Could William Lie Zeckendorf be the shrewdest man in New York City real estate?
The only thing more surprising than the news just over a month ago that Mr. Zeckendorf was selling the top half of the late Bruce Wasserstein’s old duplex at 927 Fifth Avenue—which he fought off a number of other buyers for in a madcap one-day auction—is that he found a buyer less than a week after putting it on the market. Not only that, but according to a number of sources, the five-bedroom spread went for “well over” its $31.5 million asking price after some zealous bidding. One broker said the price could even be in excess of $34 million.
This could help explain Mr. Zeckendorf’s unexpected decision to sell.
As The Times noted 32 days ago, “brokers said the reasons for his selling again were unknown at this point.” Well, now we may know, as Mr. Zeckendorf could be turning a $5 million profit on the five-bedroom home overlooking Central Park, which he closed on in December for $29.1 million. He never moved in.
That may not be nearly profitable as one of his other jaw-dropping deals, the record-breaking sale of the penthouse atop 15 Central Park West, which went for $40 million, or nearly $10,000 a square foot, or four times what Mr. Zeckendorf originally paid to crown the building he and his brother built with Robert A.M. Stern. Then again, he turned around 927 Fifth in all of six months, instead of two years. Never mind that Mr. Zecekendorf does not need the money, 15 Central Park West having been a success in and of itself after it grossed a staggering $2 billion, an amount matched only in magnitude by the outsized resales in the building.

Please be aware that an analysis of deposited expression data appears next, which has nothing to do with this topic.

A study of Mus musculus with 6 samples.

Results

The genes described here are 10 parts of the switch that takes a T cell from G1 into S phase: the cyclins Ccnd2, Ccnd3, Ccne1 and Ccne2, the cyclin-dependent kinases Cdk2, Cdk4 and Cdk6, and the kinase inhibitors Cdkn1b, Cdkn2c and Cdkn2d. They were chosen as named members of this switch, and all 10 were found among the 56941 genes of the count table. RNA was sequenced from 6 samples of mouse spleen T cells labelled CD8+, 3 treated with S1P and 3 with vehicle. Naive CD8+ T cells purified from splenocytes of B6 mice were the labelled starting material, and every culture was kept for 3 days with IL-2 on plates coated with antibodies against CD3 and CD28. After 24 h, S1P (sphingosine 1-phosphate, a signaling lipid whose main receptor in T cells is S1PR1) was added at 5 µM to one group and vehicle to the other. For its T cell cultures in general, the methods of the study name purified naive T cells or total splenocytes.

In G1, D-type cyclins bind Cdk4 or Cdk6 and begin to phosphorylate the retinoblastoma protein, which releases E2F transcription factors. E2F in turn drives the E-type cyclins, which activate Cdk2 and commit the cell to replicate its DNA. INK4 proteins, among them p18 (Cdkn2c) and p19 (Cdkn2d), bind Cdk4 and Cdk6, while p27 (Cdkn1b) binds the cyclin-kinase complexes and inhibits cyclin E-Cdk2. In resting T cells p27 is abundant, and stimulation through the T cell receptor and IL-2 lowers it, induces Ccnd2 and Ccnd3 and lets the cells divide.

If the sale is true, and the contract goes through, it belies the fact that, like Bid ‘Em Up Bruce, as Wasserstein was known, Mr. Zeckendorf is simply a consummate dealmaker who cannot say no to a good offer. “Will clearly knows what he’s doing,” one broker said. “He’s going to be a lucky son of a bitch, whatever he does.”
The identity of the buyer remains unknown, and there is still the possibility the co-op board might not approve. For the kind of money on offer, it might be hard to say no, though. A rising tide and all that. Plus, this is one of the more lenient boards in a stringent city. “Financially, it is tight, but socially, it’s easy,” one broker said.
John Burger, Mr. Zeckendorf’s broker, as well as his firm Brown Harris Stevens, which manages the building, declined to comment. Mr. Zeckendorf did not immediately return requests for comment.
If such numbers seem staggering—Wasserstein paid $15 million for both floors only a decade ago—brokers said it is an especially nice apartment in nearly perfect condition with not only views of the Park but also lots of light from the 74th Street side.
Completed in 1917 by Grand Central Terminal architects Warren & Whetmore, it is not the most distinguished of the Upper East Side co-ops. Nonetheless, it has attracted its fair share of notable owners, among them Mary Tyler Moore, Kenneth Cole, Richard Cohen and Paula Zahn and, perhaps most famously, the hawk Pale Male, whose perch was dislodged to widespread protest in 2004, until it was replaced three weeks later.
So quick turnarounds are nothing new in this building.